The Nantucket courtroom in which Kevin Spacey was arraigned Monday was a real courtroom, not a Hollywood set: Instead of a dramatic mahogony judge’s bench, it had a plastic laminate desk. Instead of a coiffed character in costume, it had a 59-year-old man — puffy and pasty without the benefit of a makeup department — who responded to his given name of Kevin Fowler as he pleaded not guilty to sexually assaulting a busboy in 2016.
The job of a performer, of course, is to perform. To create a persona in which the audience invests itself. One, for example, like Spacey’s Frank Underwood from “House of Cards” — an oozy reptile whom viewers nevertheless root for. Not because they like him, but because they want to see how he’ll slither out of his latest jam.
Recently, it’s seemed as if Spacey wanted us to conflate him with his most famous character. On Christmas Eve he posted a bizarre video, titled “Let Me Be Frank,” in which he implored the viewer in Underwood’s molasses accent, “I showed you exactly what people are capable of. … I challenged you and made you think.” Was Spacey referring to the assault allegations against him, the actor? To his murderous on-screen alter ego, Frank? The answer seemed to be both. It was the opposite of a celebrity asking us to separate the art from the artist. He was begging us to accept the two as symbiotic.
We’re currently muddling through Chapter 2 in the #MeToo story: the chapter in which we decide whom to punish and how, who gets a comeback and what it looks like. And what I keep thinking of is how these bad men are still creating performances. How they were always creating performances. How we, their audience, weaved their public personas with their private misdeeds until the lines between real and not real were all mixed up.
Louis CK has been testing out new material recently, which is making headlines for its crudeness: jokes about Parkland survivors, jokes about transgender teens.
But then, his set was always based on crudeness. It was based, explicitly, on the kind of crudeness it later turned out he was actually engaging in, which was masturbating in front of stunned women. He joked about “spraying the world with [his semen].” He joked about showing strangers his penis. He joked about the shame of it all, the compulsion.
We’re very forgiving of geniuses and their compulsions. We expect brilliance to be accompanied by neuroses. Howard Hughes and his shoeboxes. Beethoven, who refused to wash his clothes to the point that well-meaning friends would steal them while he slept. As a culture, we’re accepting of all of that, so long as we believe the true demons are being worked out on the page or the screen and what we’re seeing is a persona.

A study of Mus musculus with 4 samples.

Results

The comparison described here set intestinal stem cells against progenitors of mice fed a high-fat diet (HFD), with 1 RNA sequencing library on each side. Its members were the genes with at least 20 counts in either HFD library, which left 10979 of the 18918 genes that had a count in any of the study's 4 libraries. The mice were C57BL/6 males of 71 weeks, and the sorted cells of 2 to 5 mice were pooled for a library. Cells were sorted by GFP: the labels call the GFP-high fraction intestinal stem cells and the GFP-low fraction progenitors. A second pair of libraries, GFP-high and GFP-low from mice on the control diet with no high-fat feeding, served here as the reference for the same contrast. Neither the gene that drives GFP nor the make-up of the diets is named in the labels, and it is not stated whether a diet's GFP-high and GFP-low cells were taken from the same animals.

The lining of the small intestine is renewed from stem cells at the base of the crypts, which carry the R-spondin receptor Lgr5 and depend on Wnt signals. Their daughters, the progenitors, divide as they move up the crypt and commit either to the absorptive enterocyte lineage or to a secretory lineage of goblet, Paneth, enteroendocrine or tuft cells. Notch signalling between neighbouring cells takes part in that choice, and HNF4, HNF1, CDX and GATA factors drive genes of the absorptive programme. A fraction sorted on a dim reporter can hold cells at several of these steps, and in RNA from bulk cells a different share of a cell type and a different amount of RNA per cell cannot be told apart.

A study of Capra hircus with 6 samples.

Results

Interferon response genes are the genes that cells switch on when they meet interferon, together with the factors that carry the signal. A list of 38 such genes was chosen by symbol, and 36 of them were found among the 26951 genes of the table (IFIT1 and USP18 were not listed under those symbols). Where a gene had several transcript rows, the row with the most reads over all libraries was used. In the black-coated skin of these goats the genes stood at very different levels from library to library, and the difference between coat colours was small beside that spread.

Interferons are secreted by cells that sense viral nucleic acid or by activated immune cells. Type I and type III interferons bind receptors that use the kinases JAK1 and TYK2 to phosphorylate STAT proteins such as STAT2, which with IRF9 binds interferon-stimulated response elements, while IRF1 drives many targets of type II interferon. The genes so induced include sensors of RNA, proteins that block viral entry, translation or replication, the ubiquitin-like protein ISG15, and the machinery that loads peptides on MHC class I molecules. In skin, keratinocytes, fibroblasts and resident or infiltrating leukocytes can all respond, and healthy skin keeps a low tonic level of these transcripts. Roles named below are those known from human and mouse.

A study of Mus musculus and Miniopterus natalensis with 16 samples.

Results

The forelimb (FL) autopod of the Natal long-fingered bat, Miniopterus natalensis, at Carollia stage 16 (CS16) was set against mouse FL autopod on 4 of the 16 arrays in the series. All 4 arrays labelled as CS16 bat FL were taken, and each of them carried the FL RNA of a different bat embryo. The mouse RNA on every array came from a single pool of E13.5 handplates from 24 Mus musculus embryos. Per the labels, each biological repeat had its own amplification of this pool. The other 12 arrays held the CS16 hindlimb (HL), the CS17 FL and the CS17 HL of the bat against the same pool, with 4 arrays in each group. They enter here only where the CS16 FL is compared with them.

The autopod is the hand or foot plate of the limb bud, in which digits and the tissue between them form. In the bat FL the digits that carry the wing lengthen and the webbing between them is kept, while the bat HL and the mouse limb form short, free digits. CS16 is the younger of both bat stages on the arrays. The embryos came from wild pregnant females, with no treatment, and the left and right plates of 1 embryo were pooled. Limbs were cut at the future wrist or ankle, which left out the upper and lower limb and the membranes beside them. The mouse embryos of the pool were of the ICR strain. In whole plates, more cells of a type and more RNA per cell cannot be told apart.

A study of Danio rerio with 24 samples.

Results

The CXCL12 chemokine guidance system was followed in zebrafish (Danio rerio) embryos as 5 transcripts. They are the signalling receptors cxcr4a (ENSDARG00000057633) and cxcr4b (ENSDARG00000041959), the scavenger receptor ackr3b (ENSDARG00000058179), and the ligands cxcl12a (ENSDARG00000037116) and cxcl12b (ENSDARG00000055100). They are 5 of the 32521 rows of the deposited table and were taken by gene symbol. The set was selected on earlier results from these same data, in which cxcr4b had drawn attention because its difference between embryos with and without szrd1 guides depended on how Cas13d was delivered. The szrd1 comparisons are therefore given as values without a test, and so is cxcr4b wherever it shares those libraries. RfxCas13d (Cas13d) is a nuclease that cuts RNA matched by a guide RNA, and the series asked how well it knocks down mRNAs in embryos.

This past weekend, Lifetime aired the multipart documentary “Surviving R. Kelly,” a six-hour dissection of his alleged crimes and misdeeds.
The documentary is an indictment of him, but even more, an indictment of our own willful blindness. Throughout his career, Kelly did such a convincing job pretending to play an R&B bad boy — a cheeky commentary on music culture — that it apparently took years for it to sink in that in real life, he actually was a very bad man.
In concert venues, he pretended to cage a woman onstage. Then he went home to mansions where he’d actually imprisoned women, allegedly, starving them for days and forcing them to ask permission before using the bathroom. He produced singer Aaliyah’s first album, “Age Ain’t Nothing But a Number,” in which a teenage girl fantasizes about an older man. Then he married Aaliyah in real life, obtaining forged documents to make her appear 18, not 15 as she actually was.
He hadn’t been coy about his proclivities; he’d been screaming them. He hadn’t been a wolf in sheep’s clothing; he’d been a wolf in a wolf costume, convincing everyone that there was really a sheep inside.
And so, for more than a decade, he allegedly got away with it. He had the assistance of a complicit staff and he had the assistance of a complicit public — journalists, pundits and regular people who heard about a video featuring Kelly urinating on a 14-year-old and lined up on street corners to buy bootlegged VHS copies. Child pornography was rebranded as a “sex tape” and marketed as another installment in the outré R. Kelly narrative.
Next time there’s a performer with R. Kelly’s lyrics, or Louis CK’s set, I hope we’ll ask ourselves to be more discerning. Is this person making a commentary on outrageous behaviors? Or is this person in fact behaving outrageously?
Now, it’s time to do what we should have done all along: Treat them not as characters, whose lives we consume for our own sense of drama, but as sad, damaged humans. Not the lewd genius R. Kelly, but Robert, the desperate tyrant who on Monday threatened to “expose” his accusers in an attempt to regain control of his narrative. Not Louis, the introspective based-on-real-life television protagonist, but Louis C.K., who apparently wasn’t telling jokes but confessions.
Not Kevin Spacey but Kevin Fowler. Sallow and tired and ordinary-looking in a Massachusetts courtroom as he scheduled his next court date and waited to see whether he’d go to jail.
Monica Hesse is a columnist for The Washington Post’s Style section and author of “American Fire.”